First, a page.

The construction industry was categorized as essential during the COVID-19 pandemic lock-downs in 2020, but it was no small task to re-orient superintendents and employees to new job site safety protocols.
Today, these protocols at HBW have evolved to maintain the health and safety of workers as well as to meet client job site expectations.
Some changes, such as videoconferencing capabilities, have improved communication clarity and efficiency throughout a project. On the safety side, our efforts with masking, temperature checks, social distancing and contact tracing reduce illness and absenteeism.
What should clients and project partners expect from their construction team going forward? We anticipate continued use of safety best practices that we’ve learned from our job sites in a pandemic. When you choose a commercial construction firm, consider these practices as part of overall quality control in construction.
Going forward, project partners will need to move fluidly between hybrid and remote communications. This means that superintendents should have the most up-to-date videoconferencing platforms available to them — as well as training on those platforms to set up or attend meetings.
We learned in 2020 that each jurisdiction may also have different regulations with regard to job site communications. In some cases, an inspector might leave the job site if a crew member was not masked or if the job site wasn’t cleared of crew upon arrival. We updated our field operations portal regularly to give our supers the most up-to-date information for 16 different jurisdictions. Staying informed on CDC, OSHA and other regulatory updates will continue to inform our safety protocols.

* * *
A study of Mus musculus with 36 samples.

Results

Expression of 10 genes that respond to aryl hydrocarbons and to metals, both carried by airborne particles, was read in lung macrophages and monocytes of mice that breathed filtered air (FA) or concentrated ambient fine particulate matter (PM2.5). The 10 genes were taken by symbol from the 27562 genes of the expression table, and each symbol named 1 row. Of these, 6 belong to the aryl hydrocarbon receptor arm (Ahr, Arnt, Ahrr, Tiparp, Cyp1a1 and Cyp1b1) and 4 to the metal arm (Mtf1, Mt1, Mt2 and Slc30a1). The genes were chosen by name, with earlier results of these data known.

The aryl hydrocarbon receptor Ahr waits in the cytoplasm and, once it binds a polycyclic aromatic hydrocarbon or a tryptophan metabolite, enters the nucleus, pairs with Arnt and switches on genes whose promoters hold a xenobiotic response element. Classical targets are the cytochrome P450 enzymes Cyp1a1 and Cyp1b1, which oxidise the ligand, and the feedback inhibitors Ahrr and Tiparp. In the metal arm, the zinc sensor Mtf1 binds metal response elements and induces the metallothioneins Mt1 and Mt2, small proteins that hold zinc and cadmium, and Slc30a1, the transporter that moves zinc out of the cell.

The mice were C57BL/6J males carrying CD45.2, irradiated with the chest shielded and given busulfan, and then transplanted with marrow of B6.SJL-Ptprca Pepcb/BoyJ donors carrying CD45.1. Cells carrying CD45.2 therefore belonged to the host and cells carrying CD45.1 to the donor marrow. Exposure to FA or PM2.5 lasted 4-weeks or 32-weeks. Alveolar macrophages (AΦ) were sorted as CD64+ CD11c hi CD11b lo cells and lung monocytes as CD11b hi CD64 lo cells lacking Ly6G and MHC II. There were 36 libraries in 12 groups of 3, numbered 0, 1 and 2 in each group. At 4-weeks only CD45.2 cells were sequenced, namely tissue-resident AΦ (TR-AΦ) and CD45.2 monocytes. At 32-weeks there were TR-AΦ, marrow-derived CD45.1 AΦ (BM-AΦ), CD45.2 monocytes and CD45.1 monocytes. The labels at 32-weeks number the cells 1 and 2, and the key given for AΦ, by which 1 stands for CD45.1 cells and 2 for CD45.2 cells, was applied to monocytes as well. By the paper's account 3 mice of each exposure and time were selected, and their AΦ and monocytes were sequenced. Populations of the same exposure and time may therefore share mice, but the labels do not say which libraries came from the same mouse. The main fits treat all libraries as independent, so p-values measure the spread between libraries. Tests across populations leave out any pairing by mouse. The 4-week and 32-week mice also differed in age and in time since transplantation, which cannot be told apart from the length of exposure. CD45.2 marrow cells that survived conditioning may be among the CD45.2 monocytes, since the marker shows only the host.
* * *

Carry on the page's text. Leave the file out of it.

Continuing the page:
Improved meeting attendance is another positive outcome of accessible communications tools. Crews don’t have to leave the job site to hop on a video conference. Daily and weekly meetings are more efficient, and crew members can get direct and consistent updates. Ultimately, this approach enhances quality control in construction.
Job site safety has always been a priority, but job sites in a pandemic have taught us the value of masking, social distancing, hand washing and clear signage more than ever before.
We quickly developed new bilingual signage for general pandemic protocols, but also for specific needs on job sites. For example, certain areas of job sites were closed off. Later, some job sites required masking while others allowed crews to work without mandated masks. In response, we created a COVID toolkit and provided training on its consistent use by each team member.
We have experienced the benefits of adapting protective gear for each job site. Pollutants like dust and silica are still present, and masking is already recommended for maintaining crew health. In addition to continued use of temperature checks and contact tracing through a subcontractor sign-in sheet, we have invested in anti-fog glasses, goggles and face shields.
After seeing the benefits of these changes on the job site in a pandemic, we have noticed that clients gravitate toward this level of quality control in construction. Proper job site management — as well as our Quality Control Program — help us to keep crews healthy. This supports our project goal of timely completion with a “zero punch list!”
Author Jeremy Thomas is a Field Operations Manager. He joined HBW as an experienced superintendent in 2017.